Volume Hand 1 or 2 Axes - Player Opinions?
Kind of hard to believe I'm this far into the project before seriously investigating more than one axis on the volume hand - better late than never I suppose. After doodling around in my notebook for a while I rigged up a two coil / two plate arrangement on my workbench, stimulated by a function generator, each plate response on the scope. To get around the need for a third scope channel (someday...) I triggered the scope with the generator TTL output to make an "implied" channel among the data. This scope arrangement actually works pretty nice in terms of showing what's going on.
Not surprisingly, rather low Q (implemented via rather high resistance drive) worked best as it smoothed out the normally sharp phase response. Surprisingly, I had to separate the plates by a foot or more to get decent differential phase response. So this is a dynamic capacitive interaction between the plates rather than the static interaction I thought it might be. I'm not thrilled with low Q, and this separation seems kind of wide, so I'm fundamentally rethinking the volume side. To the point where I just rewired the volume side plate antenna PWB to be single rather than double axis (so it is now a copy of the frequency side board above).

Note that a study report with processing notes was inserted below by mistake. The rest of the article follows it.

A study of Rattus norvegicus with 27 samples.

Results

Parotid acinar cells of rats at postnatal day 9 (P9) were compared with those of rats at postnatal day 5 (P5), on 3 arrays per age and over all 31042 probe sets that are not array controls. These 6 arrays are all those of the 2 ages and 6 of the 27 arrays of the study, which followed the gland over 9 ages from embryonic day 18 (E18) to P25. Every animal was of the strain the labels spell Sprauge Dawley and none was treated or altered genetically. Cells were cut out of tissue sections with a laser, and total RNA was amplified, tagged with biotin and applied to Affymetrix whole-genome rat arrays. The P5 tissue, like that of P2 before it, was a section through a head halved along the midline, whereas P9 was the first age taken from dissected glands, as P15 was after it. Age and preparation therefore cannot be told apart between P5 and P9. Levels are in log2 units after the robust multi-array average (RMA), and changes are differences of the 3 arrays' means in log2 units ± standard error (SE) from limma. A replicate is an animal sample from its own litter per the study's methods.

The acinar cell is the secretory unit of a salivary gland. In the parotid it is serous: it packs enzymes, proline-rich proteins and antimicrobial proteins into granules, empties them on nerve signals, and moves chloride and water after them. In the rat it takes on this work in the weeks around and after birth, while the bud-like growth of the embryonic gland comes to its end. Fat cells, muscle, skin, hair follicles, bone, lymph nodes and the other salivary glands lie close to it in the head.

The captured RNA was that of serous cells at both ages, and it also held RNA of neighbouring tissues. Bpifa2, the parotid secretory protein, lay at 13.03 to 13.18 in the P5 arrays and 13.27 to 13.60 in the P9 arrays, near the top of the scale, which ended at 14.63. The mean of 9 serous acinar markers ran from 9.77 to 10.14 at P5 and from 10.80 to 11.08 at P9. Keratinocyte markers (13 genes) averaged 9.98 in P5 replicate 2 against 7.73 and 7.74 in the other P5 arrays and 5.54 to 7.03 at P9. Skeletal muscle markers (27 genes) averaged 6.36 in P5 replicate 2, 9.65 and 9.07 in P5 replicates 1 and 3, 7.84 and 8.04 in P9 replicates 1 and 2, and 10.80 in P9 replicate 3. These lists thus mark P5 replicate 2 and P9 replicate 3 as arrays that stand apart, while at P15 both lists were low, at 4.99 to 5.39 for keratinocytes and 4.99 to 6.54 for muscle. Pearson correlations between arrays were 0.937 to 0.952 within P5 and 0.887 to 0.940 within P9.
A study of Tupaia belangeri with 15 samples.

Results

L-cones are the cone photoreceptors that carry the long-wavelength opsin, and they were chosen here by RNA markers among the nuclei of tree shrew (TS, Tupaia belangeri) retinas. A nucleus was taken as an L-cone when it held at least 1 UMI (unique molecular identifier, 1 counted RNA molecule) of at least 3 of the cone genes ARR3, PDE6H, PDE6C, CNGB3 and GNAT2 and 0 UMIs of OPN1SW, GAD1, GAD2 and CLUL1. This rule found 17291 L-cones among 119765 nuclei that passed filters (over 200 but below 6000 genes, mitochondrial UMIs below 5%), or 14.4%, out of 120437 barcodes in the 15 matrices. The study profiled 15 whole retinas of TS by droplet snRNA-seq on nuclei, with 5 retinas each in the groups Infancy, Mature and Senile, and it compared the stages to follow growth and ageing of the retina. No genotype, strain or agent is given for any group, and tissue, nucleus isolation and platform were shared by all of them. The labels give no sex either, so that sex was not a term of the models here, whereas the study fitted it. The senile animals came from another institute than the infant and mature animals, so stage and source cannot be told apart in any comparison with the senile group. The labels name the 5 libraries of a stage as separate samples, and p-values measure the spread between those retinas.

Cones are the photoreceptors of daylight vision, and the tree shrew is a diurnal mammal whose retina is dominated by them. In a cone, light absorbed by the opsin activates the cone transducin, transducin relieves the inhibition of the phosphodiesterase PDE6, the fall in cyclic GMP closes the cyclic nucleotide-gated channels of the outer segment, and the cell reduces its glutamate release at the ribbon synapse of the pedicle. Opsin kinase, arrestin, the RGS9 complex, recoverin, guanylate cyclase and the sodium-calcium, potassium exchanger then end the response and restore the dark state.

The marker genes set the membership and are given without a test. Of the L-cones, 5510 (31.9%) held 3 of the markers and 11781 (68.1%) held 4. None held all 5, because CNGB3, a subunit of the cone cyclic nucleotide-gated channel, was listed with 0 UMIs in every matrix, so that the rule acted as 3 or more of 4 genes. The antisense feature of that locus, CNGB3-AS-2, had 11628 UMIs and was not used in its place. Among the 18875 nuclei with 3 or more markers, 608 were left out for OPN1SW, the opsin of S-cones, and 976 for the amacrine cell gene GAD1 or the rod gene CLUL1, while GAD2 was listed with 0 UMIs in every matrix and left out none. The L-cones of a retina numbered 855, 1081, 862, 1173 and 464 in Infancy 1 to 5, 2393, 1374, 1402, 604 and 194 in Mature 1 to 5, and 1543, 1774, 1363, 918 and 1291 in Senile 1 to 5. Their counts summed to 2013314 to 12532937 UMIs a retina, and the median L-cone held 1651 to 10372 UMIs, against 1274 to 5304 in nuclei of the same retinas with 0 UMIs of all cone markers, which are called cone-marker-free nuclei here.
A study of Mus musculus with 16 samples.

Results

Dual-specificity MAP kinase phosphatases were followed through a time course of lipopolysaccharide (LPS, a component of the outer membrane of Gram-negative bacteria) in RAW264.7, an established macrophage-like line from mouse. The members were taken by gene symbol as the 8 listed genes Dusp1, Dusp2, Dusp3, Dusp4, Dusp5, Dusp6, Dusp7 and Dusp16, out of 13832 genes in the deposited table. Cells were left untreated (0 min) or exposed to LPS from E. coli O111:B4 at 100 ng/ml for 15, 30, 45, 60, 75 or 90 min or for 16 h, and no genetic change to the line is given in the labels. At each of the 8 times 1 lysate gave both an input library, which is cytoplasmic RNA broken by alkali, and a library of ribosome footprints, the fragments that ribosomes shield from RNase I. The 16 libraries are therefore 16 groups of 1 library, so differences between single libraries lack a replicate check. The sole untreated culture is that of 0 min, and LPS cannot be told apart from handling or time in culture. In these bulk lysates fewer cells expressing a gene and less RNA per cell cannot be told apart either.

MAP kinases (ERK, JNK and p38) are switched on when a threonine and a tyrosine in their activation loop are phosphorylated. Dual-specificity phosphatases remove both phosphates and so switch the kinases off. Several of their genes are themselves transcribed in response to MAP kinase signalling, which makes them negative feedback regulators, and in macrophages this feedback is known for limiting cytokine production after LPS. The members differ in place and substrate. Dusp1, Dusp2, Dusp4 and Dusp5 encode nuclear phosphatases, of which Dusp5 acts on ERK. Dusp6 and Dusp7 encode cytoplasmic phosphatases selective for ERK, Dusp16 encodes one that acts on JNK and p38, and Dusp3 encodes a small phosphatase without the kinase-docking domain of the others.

An option for two axes here is to use separate frequencies rather than simple phase separation between them. I looked into this a while back and if the frequencies are different enough the antennas can be right next to each other without noticeable interference. But before I go there I'm wondering how "playable" two axes might even be? FredM made his two axis (pitch & volume on one hand) Theremin only to discover it was essentially unplayable. I can imagine trying to vary the volume without disturbing the pitch in this scenario would be an almost impossible task, and Theremins are already difficult enough to play. But having volume and timbre on one hand rather than volume and pitch might be less difficult? Or are three axes just too much to handle? I'm no player, but when I had functional Theremins in the house it was a challenge for me to knock out the simplest thing pitchwise, and doing anything with the volume totally threw that in the crapper. Then again, I'm no player, and maybe the whole two axis (volume and pitch) thing becomes second nature over time.
I'm curious what real players (intermediate to virtuoso) think of the idea of two axes on the left hand?
[EDIT] Sorry, didn't mean to leave anyone that felt like weighing in on this subject out.